Trivia

NAACP Secretary Walter White wrote a letter to Preston Sturges congratulating him for his "dignified and decent treatment of Negroes in this scene."
Reportedly, Preston Sturges got the idea for the movie from stories of John Garfield living the life of a hobo, riding freight trains and hitchhiking his way cross-country for a short period in the 1930s.
Paul Jones, the associate producer, appears as the portrait of "Dear Joseph", the dead husband, early in the film.
The film's opening dedication, "To the memory of those who made us laugh: the motley mountebanks, the clowns, the buffoons, in all times and nations, whose efforts have lightened our burden a little, this picture is affectionately dedicated." with the added phrase "...in this cockeyed caravan..." was initially to be spoken by Joel McCrea in an epilogue as if it was to be the prologue for the comedy he intended to make. In the original script the prologue Preston Sturges initially wrote was, "This is the story of a man who wanted to wash an elephant. The elephant darn near ruined him."
Preston Sturges had originally intended to use a clip from a Charles Chaplin film for the church sequence, but Chaplin wouldn't give permission. In an earlier scene, Joel McCrea does parody the Little Tramp character. The cartoon eventually used was Walt Disney's Playful Pluto (1934).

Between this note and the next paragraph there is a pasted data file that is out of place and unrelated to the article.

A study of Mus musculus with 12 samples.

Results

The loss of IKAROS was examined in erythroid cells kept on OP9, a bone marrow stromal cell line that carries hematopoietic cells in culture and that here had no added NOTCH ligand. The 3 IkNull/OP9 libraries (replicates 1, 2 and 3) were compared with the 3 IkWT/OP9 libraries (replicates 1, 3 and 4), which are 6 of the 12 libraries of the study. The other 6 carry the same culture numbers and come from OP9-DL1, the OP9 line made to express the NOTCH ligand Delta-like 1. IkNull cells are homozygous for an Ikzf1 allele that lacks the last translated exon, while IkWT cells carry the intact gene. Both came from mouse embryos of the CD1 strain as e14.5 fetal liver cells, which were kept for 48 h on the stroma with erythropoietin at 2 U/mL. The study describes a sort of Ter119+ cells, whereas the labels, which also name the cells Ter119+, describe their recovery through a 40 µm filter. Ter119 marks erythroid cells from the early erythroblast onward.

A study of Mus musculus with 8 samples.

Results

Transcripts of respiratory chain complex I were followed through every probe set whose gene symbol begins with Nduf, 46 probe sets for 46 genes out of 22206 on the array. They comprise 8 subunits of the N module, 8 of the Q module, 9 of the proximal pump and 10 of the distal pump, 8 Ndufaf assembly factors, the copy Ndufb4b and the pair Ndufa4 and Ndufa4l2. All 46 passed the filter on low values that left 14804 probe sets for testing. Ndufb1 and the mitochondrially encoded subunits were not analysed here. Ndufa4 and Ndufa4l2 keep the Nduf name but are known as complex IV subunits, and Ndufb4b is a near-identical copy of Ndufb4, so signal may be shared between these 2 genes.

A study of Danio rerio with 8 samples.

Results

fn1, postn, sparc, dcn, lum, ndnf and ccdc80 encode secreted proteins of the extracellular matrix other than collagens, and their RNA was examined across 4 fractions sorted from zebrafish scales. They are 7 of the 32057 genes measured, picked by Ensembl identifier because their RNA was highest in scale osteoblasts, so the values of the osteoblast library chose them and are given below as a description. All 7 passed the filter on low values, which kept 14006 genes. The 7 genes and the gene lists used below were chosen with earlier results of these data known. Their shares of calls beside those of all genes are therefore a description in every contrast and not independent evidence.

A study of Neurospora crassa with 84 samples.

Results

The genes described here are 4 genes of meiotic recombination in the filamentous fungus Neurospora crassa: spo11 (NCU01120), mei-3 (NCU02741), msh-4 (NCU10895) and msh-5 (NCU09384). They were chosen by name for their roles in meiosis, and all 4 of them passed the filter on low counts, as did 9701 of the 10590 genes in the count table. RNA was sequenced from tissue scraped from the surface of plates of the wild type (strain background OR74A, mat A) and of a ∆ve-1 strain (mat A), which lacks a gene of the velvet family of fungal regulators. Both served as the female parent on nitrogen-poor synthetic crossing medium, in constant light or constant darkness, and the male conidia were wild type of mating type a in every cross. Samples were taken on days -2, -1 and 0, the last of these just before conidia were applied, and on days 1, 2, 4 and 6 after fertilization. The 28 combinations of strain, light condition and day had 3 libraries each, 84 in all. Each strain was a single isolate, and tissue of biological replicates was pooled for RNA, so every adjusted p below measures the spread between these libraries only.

"Lux Radio Theater" broadcast a 60 minute radio adaptation of the movie on November 9, 1942 with Veronica Lake reprising her film role.
Preston Sturges wrote the film with Joel McCrea in mind. McCrea was the only actor ever considered for the role of Sullivan.
Veronica Lake made this movie while pregnant.
In one part of the film you can see a pair of legs hanging from a tree.
In the airplane scene, the author of the book "Oh Brother, Where Art Thou?" is shown to be "Sinclair Beckstein", an amalgamation of the names of authors Upton Sinclair, Sinclair Lewis, and John Steinbeck.
John L. Sullivan plans to make a movie entitled "O Brother, Where Art Thou?" - a title borrowed by Joel Coen and Ethan Coen for their 2000 film.
One of over 700 Paramount Productions, filmed between 1929 and 1949, which were sold to MCA/Universal in 1958 for television distribution, and have been owned and controlled by Universal ever since.

Director Cameo 

Preston Sturges:  Studio director, on the set of 'The Girl's period movie. He is seen in the background when she reads the newspaper and throws up her hands in delight.